Tench: Inge Schilperoord

★★★★

How do you become the person you want to be? This is the challenge that faces thirty-year-old Jonathan when he is released from prison, acquitted on the basis of insufficient evidence. He returns to his elderly mother and their isolated house on the edge of the dunes, one of only two houses left standing in the midst of demolition. Soon the council will rehouse them on a new estate, but Jonathan isn’t looking forward to it. Change upsets him. And so he tries to settle back into his old life: long walks on the dunes with the dog; watching TV with his mother; fishing in the ponds. He wants to be good. But, as summer thickens over their dead-end town and the mercury rises, Jonathan finds his calm unsettled by the bright, creative, clever little girl next door. Sometimes instinct can undermine even the best laid plans.

Bold, brave and unsettling, this can’t have been an easy book to pitch and it makes for uncomfortable but compelling reading. There isn’t the slightest element of sensation. On the contrary, for most of the book virtually nothing happens: it is a character study, a series of almost cinematic vignettes of bleak, abandoned houses; gulls screeching above deserted sands; grey waters and distant container ships; sweat beading on a face. This is the kind of place where dreams go to die. Schilperoord’s writing (translated by David Colmer) has a stark, unemotional elegance that suits this enervating loneliness. She draws us into Jonathan’s mind, inviting us to see the world as he sees it, making us party to his struggles. As a criminal psychologist by trade, she must spend her life trying to make the same kind of imaginative leaps: to find a way, through a spark of common understanding, to help people like Jonathan who dream of finding an easier way to exist in the world.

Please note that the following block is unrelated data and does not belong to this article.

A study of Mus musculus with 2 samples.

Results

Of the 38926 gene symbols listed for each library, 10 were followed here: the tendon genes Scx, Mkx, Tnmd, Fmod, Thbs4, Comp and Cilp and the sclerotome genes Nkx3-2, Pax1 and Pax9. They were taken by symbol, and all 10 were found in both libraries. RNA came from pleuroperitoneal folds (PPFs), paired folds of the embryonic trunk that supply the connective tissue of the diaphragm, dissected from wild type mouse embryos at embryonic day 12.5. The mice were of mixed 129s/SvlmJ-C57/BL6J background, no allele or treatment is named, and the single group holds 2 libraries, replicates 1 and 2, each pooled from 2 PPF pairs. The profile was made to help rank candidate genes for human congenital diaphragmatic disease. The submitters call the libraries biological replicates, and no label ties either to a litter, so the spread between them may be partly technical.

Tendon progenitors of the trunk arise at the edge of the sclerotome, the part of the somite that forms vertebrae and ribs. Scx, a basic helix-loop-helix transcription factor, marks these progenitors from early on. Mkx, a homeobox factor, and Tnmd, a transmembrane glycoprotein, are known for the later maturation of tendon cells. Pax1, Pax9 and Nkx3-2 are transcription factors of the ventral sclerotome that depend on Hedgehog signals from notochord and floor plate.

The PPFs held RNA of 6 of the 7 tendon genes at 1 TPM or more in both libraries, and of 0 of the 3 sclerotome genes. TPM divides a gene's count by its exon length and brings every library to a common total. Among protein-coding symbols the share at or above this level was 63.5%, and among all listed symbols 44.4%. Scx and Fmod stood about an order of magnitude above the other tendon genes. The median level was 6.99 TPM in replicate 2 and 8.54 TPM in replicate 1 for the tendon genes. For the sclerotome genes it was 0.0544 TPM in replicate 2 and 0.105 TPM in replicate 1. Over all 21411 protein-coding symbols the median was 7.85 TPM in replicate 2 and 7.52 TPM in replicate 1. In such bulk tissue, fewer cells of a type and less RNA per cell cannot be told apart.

The tench of the title is a fine, large specimen that Jonathan discovers in his favourite freshwater pond on the dunes. Spotting that it is injured, he takes it home to his aquarium and prepares to nurse it back to health. He’s good at caring for things. He wants to help, to make things better. And, although he’s initially suspicious of little Elke from the house next door, he begins to wonder whether he couldn’t help her as well. The book deals in grey areas of morality, blurred boundaries and good intentions gone wrong. It thrums with tension, not necessarily because of what happens, but because of what could happen. And, all the time, the tench is there: a creature of darkness, swimming low at the bottom of the pond, rarely seen but always present, waiting to be lured up to the surface.

Schilperoord’s book has something of the Greek tragedy about it: the man full of hubris, brought down by a fatal flaw. Yet it is also compassionate, without ever making excuses for its protagonist. In a world of increasingly sensationalist thrillers, it makes its impact in a much more subtle and powerful way: by inviting us to put aside the notion of clear-cut right and wrong, and to seek to understand, rather than condemn. Austere, powerful and thought-provoking, it is a book that deserves to be read and one that lingers with you, simmering, for many hours afterwards.